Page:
MAMMOTH HOT SPRINGS, WY – Elk numbers in Yellowstone National Park’s northern herd are fewer compared to last year, however the population remains above the 10-year average and other recent counts. Low calf survival will likely impact the population over the next two years, according to a population survey conducted last month.
The Northern Yellowstone Cooperative Wildlife Working Group conducted its annual late winter classification of the northern Yellowstone elk population on March 17-19, 2019. The survey was conducted from a helicopter by staff from the Montana Department of Fish, Wildlife & Parks, which is part of the Working Group. Typically, an annual trend count is conducted by fixed-wing aircraft to count the total number of elk, and a separate helicopter survey is conducted to classify elk by age and sex in order to estimate calf and yearling bull survival and ratios of mature bulls in the population. This year the surveys were combined, and elk were counted and classified by helicopter.
All observed elk were counted across the survey area, and when possible staff also classified elk by age and sex. This survey was conducted consistently with the 2016 classification survey in order to assess population changes over the past three years. Survey conditions were favorable across the region, however winter conditions were severe, and many elk were observed to be in poor condition.
Staff counted 5,800 elk, including 1,361 elk (23.5 percent) inside Yellowstone National Park and 4,149 elk (71.5 percent) north of the park. The total count of 5,800 elk was 23 percent lower than the 7,579 elk observed during the 2018 trend count, and 23 percent lower than the 7,510 total elk counted during the 2016 classification survey, but higher than the 10-year average count of 5,399 elk. The long-term average of observed elk numbers since surveys began in 1976 is 10,634 elk, with a peak high count of 19,045 elk in 1994 and a low count of 3,915 elk observed in 2013.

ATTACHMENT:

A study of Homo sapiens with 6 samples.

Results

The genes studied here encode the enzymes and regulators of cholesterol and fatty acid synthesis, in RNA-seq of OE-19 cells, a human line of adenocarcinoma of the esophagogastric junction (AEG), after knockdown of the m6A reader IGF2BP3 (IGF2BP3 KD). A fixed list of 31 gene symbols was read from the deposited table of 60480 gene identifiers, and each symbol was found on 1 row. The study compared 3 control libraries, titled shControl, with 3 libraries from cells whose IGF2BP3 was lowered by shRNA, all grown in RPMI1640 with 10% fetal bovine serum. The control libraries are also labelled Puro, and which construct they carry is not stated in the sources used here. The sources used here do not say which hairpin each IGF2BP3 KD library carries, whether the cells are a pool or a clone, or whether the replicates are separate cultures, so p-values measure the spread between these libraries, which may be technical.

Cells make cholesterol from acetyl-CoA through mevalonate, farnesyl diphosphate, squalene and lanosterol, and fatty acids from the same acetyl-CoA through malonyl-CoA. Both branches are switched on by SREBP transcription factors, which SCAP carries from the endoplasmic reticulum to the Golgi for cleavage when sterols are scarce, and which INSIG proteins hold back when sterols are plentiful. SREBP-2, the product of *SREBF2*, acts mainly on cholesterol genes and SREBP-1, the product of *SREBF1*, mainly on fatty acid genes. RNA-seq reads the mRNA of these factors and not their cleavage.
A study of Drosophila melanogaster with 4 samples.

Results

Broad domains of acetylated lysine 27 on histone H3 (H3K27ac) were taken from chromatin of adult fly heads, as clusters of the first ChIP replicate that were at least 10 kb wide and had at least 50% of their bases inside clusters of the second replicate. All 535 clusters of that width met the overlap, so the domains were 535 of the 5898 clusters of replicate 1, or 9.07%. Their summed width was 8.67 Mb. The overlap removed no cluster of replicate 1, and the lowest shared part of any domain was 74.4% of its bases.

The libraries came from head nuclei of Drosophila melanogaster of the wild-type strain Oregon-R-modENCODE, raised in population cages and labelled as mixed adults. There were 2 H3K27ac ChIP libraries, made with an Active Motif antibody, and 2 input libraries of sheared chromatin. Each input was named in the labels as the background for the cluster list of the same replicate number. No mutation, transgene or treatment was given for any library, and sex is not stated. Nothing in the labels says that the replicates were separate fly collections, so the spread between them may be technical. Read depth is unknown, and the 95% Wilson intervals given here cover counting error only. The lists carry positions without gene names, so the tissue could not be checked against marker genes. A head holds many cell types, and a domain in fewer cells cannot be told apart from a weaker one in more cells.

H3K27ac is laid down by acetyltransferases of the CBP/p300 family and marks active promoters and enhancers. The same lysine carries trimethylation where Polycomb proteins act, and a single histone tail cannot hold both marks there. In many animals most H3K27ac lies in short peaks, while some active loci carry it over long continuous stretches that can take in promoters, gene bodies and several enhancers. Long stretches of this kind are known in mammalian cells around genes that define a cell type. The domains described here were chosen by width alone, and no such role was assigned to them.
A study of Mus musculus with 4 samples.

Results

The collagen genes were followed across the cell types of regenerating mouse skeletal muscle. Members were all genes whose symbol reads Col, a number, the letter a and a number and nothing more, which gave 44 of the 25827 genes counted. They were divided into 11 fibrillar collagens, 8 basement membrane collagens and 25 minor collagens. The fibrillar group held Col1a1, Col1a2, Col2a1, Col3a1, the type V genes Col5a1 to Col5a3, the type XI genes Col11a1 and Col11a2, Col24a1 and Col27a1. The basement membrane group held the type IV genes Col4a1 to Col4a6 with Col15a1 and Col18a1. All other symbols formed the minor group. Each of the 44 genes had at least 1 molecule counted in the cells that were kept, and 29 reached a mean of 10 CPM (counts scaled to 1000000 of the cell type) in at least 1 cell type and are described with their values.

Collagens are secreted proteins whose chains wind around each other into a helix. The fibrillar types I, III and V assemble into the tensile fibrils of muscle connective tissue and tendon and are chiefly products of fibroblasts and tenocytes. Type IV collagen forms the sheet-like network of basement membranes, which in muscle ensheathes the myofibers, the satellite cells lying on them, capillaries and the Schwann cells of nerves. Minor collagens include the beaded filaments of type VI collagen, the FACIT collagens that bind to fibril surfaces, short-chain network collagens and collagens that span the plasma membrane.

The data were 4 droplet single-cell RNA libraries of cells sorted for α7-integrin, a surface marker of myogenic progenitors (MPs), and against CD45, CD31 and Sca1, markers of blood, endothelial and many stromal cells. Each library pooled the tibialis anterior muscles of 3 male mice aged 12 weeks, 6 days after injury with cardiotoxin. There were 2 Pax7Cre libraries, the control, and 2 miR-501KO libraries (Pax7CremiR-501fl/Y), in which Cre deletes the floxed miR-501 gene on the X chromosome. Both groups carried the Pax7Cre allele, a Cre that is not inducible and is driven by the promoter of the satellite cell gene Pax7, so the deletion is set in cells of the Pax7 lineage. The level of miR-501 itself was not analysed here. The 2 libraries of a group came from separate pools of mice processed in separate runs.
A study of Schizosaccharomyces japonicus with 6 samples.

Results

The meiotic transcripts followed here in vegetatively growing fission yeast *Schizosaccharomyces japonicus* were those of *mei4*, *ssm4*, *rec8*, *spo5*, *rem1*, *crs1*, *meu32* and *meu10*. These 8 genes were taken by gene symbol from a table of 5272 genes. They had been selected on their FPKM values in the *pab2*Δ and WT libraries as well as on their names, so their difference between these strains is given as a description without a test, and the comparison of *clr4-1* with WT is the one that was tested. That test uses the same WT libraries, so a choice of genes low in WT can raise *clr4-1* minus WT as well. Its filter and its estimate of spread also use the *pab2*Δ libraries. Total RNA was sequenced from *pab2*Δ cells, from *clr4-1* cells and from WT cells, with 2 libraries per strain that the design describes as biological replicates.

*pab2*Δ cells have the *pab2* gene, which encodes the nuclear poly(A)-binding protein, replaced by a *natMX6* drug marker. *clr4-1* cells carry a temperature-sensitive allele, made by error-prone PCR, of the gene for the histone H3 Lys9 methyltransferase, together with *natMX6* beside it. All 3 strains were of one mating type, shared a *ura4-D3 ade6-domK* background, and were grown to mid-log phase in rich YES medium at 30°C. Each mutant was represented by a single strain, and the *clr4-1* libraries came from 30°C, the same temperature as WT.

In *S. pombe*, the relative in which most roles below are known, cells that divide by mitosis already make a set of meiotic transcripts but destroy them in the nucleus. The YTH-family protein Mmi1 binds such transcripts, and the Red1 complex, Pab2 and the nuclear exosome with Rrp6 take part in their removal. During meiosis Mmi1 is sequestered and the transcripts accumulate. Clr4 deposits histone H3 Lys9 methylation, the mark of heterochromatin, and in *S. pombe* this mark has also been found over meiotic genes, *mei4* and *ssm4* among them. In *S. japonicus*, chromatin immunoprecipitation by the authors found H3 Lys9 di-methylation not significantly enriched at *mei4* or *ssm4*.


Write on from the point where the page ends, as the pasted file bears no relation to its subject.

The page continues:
Of the 5,800 elk counted, staff classified 5,510 elk by age and sex, resulting in ratios of 15.2 calves, 5.2 yearling bulls and 12.6 brow-tined bulls per 100 cows. Calf and yearling bull ratios were lower than recent surveys and long-term averages. Brow-tined bull ratios were higher than recent surveys, but below long-term average. Staff observed 16 percent fewer cows, 46 percent fewer calves and 42 percent fewer yearling bulls as compared to the 2016 classification survey. Brow-tined bull numbers increased by 21.3 percent from 432 observed in 2016 to 524 observed in 2019.
This is the second consecutive year with calf ratios below the threshold of 20 calves per 100 cows considered necessary to maintain a stable population. It is likely that additional winter mortalities will occur into spring, further reducing overall numbers and recruitment. Below-average yearling bull and calf recruitment is likely to result in lower numbers of brow-tined bulls being recruited into the population over the next two years.
Though overall elk numbers are down this year as compared to 2018, it is not unusual to observe fluctuations in numbers of elk counted due to survey quality, elk movements and sightability of elk, which vary with conditions. Trends in elk populations are best assessed by considering multiple years of survey data together. The trend for this population has been increasing since 2013; this is the first yearsince 2013 that elk numbers have fallen from the previous year. The Working Group will continue to monitor trends of the northern Yellowstone elk population and evaluate the relative contribution of various components of mortality, including predation, environmental factors and hunting.
The Working Group was formed in 1974 to cooperatively preserve and protect the long-term integrity of the northern Yellowstone winter range for wildlife species by increasing our scientific knowledge of the species and their habitats, promoting prudent land management activities, and encouraging an interagency approach to answering questions and solving problems. The Working Group is comprised of resource managers and biologists from the Montana Department of Fish, Wildlife & Parks; National Park Service (Yellowstone National Park); U.S. Forest Service (Custer Gallatin National Forest); and U.S. Geological Survey-Northern Rocky Mountain Science Center in Bozeman.